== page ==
As readers of Kilmer House — and The Duct Tape Guys’ popular website – know, duct tape was invented by a Johnson & Johnson operating company in response to a request from the U.S. military for a cloth-based, waterproof tape during World War II. But have you ever wondered why the Army made that request, and who had the original idea for duct tape? Well, wonder no more, thanks to Kilmer House reader Kari Santo, whose great grandmother Vesta Stoudt had the idea that led to duct tape.
In the 1940s, Vesta Stoudt, a mother with two sons serving in the Navy, went to work in the Green River Ordnance Plant between Dixon and Amboy, Illinois to do her part to help her sons and their fellow servicemen. So Vesta got a job at Green River inspecting and packing cartridges used to launch rifle grenades that were used by soldiers in the Army and Navy. The cartridges were packed eleven to a box, and the boxes were taped and waxed to make them waterproof and damp-proof. The box flaps were sealed with thin paper tape, and a tab of tape was left loose so that it could be pulled to release the waterproof wax coating and open the box. The problem was that the thin paper tape wasn’t strong enough, and the tabs frequently tore off when soldiers pulled on them to open the ammo boxes, leaving them frantically scrambling to claw the boxes open while under enemy fire. Lives were at risk –including the lives of her sons. So Vesta Stoudt came up with a solution: seal the boxes with a strong, cloth-based waterproof tape instead of the thin paper tape. Vesta raised the issue with her supervisors but, although they thought it was a good idea, she wasn’t getting anywhere with having it implemented. Here’s what Vesta Stoudt said:
“I suggested we use a strong cloth tape to close seams, and make tab of same. It worked fine, I showed it to different government inspectors they said it was all right, but I could never get them to change tape.” [Copy of original letter from Vesta Stoudt to President Franklin Delano Roosevelt, February 10, 1943, courtesy of Kari Santo]
So Vesta Stoudt did what any other mom with two sons in the Navy would do: she wrote a letter to President Franklin Delano Roosevelt outlining the issue and telling him her idea about how to fix it.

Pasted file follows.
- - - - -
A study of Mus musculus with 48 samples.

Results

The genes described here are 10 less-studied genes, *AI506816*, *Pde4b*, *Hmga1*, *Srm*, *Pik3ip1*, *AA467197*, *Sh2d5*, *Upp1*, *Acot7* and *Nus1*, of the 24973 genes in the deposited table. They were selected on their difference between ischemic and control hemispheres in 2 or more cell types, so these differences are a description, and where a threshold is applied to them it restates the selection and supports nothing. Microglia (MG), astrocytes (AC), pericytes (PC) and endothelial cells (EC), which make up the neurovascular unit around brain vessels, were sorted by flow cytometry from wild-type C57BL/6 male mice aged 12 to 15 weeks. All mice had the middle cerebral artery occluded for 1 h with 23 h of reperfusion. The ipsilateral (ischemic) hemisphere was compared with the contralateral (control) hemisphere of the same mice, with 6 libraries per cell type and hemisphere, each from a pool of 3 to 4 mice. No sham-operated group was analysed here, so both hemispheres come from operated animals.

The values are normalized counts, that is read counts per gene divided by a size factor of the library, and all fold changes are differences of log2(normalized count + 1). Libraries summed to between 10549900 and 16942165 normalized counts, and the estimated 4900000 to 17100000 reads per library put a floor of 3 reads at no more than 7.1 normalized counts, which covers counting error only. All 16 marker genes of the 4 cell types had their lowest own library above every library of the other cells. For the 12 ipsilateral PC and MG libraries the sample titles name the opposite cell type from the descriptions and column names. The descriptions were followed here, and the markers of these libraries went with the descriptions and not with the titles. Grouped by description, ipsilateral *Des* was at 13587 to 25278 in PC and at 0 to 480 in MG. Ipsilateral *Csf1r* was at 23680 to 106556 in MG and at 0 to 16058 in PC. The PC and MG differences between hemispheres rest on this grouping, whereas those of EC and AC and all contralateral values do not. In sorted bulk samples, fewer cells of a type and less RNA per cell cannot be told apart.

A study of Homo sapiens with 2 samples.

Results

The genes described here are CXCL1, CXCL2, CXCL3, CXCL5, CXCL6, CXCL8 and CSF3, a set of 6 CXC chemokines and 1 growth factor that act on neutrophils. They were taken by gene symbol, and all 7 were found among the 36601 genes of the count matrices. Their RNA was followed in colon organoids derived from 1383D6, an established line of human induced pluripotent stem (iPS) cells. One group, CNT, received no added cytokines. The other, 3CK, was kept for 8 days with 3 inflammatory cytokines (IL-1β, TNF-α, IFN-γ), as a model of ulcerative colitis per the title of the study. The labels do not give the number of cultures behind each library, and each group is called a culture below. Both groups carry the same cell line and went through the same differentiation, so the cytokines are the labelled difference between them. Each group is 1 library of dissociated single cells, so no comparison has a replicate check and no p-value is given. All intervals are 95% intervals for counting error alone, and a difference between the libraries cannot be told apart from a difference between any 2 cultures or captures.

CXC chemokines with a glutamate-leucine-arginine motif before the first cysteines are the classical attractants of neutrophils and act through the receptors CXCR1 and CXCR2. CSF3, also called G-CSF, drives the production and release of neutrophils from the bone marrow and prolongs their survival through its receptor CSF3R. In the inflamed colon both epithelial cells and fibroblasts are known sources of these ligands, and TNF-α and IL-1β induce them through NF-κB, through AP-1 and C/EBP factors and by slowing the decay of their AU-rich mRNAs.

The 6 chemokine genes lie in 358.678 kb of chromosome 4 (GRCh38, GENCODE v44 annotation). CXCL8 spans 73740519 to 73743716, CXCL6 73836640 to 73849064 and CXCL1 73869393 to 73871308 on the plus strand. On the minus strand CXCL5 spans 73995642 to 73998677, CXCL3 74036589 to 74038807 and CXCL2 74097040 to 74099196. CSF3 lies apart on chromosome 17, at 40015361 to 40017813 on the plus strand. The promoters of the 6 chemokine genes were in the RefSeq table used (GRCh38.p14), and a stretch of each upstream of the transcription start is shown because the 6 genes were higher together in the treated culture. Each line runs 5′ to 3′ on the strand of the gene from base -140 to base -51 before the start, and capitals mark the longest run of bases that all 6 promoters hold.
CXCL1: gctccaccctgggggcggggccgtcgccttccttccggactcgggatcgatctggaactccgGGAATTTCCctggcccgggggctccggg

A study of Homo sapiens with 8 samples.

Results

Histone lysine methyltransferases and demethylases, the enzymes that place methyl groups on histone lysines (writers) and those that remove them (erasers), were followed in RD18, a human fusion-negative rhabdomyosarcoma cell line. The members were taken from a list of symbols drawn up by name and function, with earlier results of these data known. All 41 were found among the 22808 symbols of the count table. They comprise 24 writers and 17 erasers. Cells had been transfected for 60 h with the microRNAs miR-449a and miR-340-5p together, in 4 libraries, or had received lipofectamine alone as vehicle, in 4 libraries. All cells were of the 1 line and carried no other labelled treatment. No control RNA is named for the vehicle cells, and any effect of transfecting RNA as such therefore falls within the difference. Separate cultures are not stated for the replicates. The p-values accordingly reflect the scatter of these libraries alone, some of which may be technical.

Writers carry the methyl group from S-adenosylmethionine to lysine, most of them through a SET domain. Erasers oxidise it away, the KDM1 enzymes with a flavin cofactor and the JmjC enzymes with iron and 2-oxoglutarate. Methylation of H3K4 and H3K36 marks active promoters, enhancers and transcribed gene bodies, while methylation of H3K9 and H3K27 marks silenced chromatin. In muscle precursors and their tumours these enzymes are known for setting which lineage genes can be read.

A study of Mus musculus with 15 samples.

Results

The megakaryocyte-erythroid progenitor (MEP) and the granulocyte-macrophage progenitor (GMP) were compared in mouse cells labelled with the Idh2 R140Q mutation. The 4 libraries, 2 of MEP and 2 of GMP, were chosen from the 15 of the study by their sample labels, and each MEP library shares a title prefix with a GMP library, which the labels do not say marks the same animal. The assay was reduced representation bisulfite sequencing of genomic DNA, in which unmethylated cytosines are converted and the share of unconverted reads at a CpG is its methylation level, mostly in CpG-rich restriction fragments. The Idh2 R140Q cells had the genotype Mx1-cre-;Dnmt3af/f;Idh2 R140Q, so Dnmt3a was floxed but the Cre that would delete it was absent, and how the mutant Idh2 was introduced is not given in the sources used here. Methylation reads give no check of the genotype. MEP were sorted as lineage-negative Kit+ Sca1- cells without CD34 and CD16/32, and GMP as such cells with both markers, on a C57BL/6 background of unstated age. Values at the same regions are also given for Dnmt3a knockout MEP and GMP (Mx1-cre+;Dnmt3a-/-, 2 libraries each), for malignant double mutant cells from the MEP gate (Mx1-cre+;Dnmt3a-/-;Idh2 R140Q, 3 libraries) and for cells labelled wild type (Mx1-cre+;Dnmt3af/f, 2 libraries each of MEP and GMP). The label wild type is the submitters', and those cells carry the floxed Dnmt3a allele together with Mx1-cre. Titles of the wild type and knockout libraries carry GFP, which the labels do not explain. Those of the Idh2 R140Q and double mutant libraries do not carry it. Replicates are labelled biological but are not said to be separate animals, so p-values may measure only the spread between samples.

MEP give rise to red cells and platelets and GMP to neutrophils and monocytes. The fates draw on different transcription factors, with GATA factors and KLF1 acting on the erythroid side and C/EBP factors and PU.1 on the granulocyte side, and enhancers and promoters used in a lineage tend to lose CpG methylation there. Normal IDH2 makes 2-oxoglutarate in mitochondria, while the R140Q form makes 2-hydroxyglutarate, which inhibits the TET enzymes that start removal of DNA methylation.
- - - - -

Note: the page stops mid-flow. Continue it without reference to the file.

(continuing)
“Now your son, my son and our neighbor’s son must pull this tape off some way, perhaps with his teeth or his knife if he is lucky enough to have one, nine chance out of ten he hasn’t any.” [Copy of original letter from Vesta Stoudt to President Franklin Delano Roosevelt, February 10, 1943, courtesy of Kari Santo]
Here’s the diagram of the problem that Vesta sketched out in her letter:
“I suggested we use a strong cloth tape to close seams, and make tab of same. It worked fine, I showed it to different government inspectors they said it was all right, but I could never get them to change tape. I have two sons out there some where, one in the Pacific Island the other one with the Atlantic Fleet. You have sons in the service also. We can’t let them down by giving them a box of cartridges that takes a minute or more to open, the enemy taking their lives, that could have been saved. Had the box been taped with a strong cloth tape that can be opened in a split second. I didn’t know who to write to Mr. President, so have written you hoping for your boys, my boys, and every man that uses the rifle grenade, that this package of rifle cartridges may be taped with the correct tape.” [Copy of original letter from Vesta Stoudt to President Franklin Delano Roosevelt, Feb. 10, 1943, courtesy of Kari Santo]
Public Domain Photo of Franklin Delano Roosevelt courtesy of Wikimedia Commons
Roosevelt sent Vesta’s letter to the War Production Board in Washington, D.C., and just a few weeks later in March, she received a series of replies from higher-ups in the organization saying that her idea would be considered; that it was being forwarded to the appropriate division and they hoped she would send them any other ideas she had in the future; and finally that her recommendation for the new tape had been approved and was “of exceptional merit.”
Because of Johnson & Johnson’s long experience making surgical adhesive tapes, the War Production Board asked Johnson & Johnson to make the tape, which was named “Duck Tape” because, as the story goes, it was 1) waterproof, like a duck and 2) it was made with cotton duck fabric. The tape soon became known as “100 Mile an Hour Tape” in the military and, because it was strong and waterproof, soldiers used it to repair just about everything. Vesta Stoudt received a letter from President Roosevelt and earned the Chicago Tribune’s War Worker Award for her idea and her persistence.
General Robert Wood Johnson, who was President of Johnson & Johnson at that time, would have appreciated Vesta Stoudt’s creativity, initiative and refusal to take “no” for an answer in the service of saving lives. (After all, it was that same motivation that led Johnson’s father and uncles to found Johnson & Johnson in 1886 to make the first mass-produced sterile surgical products to save patients’ lives.)
Vesta Stoudt showed that one person with an idea can make a difference, and everyone who served – and continues to serve – in the military owes Vesta a lifesaving debt of gratitude. And for readers who just love duct tape but whose lives don’t depend on it, the next time you’re repairing a lawnchair, the base of a fan (an actual use of duct tape by this blogger!), or making a duct tape wallet or prom dress, take a minute to thank Vesta Stoudt for this indispensable piece of modern life.
And a huge thank you to Vesta’s great granddaughter Kari Santo for sending in her great grandmother’s amazing story to share on the blog.
The Duct Tape Guys also have the story, here.